It seems that one of the biggest events in confirmation preparation in this country is the letters of support to be given to the confirmation candidates during their mandatory retreats.

I have three such letters saved on this blog:

Confirmation letter to my daughterConfirmation letter to my fourth sonConfirmation letter to to my third son
I've asked my children what they remember about the letter they got from me and their dad, and also what they remembered about the letters they received. 
The answer was not much, or at least nothing specific. In general they were happy to have gotten a bag full of letters and there was a sense of feeling loved and supported. I guess that's the main thing - for them to have a sense that this is an important step in their spiritual growth, and that people they know, love and respect have taken the time out of their lives to let them know that! So here are some tips on procuring and writing letters for young confirmation candidates. Start thinkin…

Holiday Homeschooling

Homeschooling with Charlotte

I remember being relatively new to homeschooling, attending one of my regular support group meetings, when a new member came and told the group about her family. She very proudly said that she worked while her husband did all the teaching. They homeschooled seven days a week including birthdays and holidays, even Christmas!! That didn't sound right to me. It certainly didn't sound Christian. After all, even Jesus took a break to get away from it all from time to time.

While I think many in our group admired this family's tenacity, none of us wanted to adopt that kind of rigor to our own homeschool schedule.

I contrast that to this beautiful post from a mom named Missy

This is the first year that I have given myself permission to take all of December off from schooling and it has been wonderful!

Anyway, that's why I've been so quiet lately. We have been enjoying lots of family time this month. I think a month-long break is just what we needed! We have played games, eaten pizza, looked at Christmas lights, listened to Christmas music, burned scented candles, tried new recipes, enjoyed family get-togethers, gone shopping (both IRL and online), watched the birds, made Christmas ornaments, and lounged around in our PJ's and slippers as much as possible. :-D

Life has been so laid-back and relaxed that I don't know how we'll ever get back on track come January, but I'm not going to think about that right now. I'll cross that bridge when I come to it. For now, I'm enjoying making memories with my family and letting all the worries and stresses roll right off my back. They'll be there for another day. But for today I'm going to get my Love Bank filled back up with kisses and hugs and quiet conversations (while making those same kinds of deposits into each of my loved one's Love Banks) and regain the strength to face all those worries and stresses that will still be waiting for me come January. I think that by then they won't seem so big anymore anyway. ;-)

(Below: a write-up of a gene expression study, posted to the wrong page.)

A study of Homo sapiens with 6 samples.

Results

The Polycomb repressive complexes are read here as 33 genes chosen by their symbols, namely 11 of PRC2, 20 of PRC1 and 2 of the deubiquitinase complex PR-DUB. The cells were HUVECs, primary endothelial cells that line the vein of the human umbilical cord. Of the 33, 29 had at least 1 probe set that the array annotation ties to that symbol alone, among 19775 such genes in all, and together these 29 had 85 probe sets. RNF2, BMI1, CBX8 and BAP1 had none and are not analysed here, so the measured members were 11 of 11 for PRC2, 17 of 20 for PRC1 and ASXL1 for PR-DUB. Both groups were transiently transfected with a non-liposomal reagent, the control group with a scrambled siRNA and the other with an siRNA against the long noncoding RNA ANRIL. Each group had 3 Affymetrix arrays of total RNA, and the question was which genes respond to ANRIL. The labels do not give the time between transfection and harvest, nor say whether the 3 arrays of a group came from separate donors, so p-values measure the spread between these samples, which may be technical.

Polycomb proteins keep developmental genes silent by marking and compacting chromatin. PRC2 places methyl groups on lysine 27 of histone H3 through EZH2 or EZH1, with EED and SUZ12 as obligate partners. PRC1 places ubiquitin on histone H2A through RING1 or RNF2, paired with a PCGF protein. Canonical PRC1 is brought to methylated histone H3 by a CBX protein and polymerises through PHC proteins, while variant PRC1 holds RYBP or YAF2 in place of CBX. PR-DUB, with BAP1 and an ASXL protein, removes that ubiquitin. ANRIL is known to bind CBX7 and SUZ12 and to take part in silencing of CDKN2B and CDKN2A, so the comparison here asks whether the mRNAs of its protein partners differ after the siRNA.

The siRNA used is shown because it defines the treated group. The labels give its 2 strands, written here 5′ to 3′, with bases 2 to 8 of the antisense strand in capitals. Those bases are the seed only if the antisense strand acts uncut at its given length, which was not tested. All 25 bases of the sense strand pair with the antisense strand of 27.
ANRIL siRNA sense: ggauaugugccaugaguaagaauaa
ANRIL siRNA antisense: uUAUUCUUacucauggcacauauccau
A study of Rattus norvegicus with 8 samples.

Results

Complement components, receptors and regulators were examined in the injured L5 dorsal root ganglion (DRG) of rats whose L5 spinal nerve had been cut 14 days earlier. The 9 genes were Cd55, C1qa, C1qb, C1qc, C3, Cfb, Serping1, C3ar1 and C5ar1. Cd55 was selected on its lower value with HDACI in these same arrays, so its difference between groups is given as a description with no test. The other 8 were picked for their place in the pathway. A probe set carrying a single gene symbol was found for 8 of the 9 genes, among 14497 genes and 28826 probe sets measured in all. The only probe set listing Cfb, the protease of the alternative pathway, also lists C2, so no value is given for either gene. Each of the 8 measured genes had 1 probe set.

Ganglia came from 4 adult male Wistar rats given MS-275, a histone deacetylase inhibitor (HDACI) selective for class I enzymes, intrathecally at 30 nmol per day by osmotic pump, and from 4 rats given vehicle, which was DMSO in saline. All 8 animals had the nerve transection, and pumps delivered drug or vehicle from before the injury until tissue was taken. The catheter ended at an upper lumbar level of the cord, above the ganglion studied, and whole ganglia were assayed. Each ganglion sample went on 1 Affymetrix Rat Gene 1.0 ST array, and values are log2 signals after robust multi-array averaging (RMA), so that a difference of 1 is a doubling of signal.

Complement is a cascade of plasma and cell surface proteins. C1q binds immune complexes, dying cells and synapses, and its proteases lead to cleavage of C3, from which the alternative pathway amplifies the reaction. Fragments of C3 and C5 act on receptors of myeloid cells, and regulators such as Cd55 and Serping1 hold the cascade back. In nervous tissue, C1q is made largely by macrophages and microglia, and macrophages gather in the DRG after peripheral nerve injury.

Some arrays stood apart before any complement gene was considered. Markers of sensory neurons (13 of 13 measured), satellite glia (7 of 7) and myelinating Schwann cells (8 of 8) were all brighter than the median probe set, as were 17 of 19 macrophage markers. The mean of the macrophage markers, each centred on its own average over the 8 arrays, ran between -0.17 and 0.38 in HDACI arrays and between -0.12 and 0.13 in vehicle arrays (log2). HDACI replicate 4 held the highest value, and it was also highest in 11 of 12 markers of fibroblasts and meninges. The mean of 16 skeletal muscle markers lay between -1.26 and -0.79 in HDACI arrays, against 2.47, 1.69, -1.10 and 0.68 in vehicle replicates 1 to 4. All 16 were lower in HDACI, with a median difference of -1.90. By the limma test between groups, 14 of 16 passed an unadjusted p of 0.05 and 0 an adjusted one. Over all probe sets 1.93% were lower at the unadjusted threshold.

What makes Missy's words so poignant now was that last Christmas was her last holiday. Missy passed away suddenly and unexpectedly after giving birth last spring.

I think Missy's message has a lot of wisdom in it. Her kids aren't remembering the math pages they missed last December, or the science vocabulary words that got put off until after the New Year. They do remember those memories Missy put in their "Love Banks!"

Yet Missy's kids are younger than some of my own. I have a kid in college, one just entering the work world, a middle schooler and my pre-school aged granddaughter. Is it possible to be somewhere in between the two extremes in homeschooling for the holidays?

I hope so and that is what I am going to strive for. We will certainly be taking Christmas Day off. We certainly will be spending time this week celebrating our Lady of Guadalupe with a Spanish dinner and possibly a pinata. But other than that I want to keep our schedule going because I think that is best for the household. I will, however, focus the homeschool lessons away from the academic, towards the events of the season. I have a science and art unit I am pulling together about the Star of Bethlehem. Our literature readings are definitely steeped in the Christmas season, both the biblical as well as other works of literature that surround the Christmas events. Perhaps instead of math, we will make those Christmas cookies and I will let my kids do their own measuring this year and see how they do! For English, I have lots of Christmas cards to address and this year they all can help with that! In short, I will be looking for ways to incorporate the season of Advent and Christmas into our homeschool and make it an integral part, instead of an intrusion from the outside. Following Missy's lead, I want my children to fill up their memories with love too, while I am keeping their young bodies and minds otherwise occupied!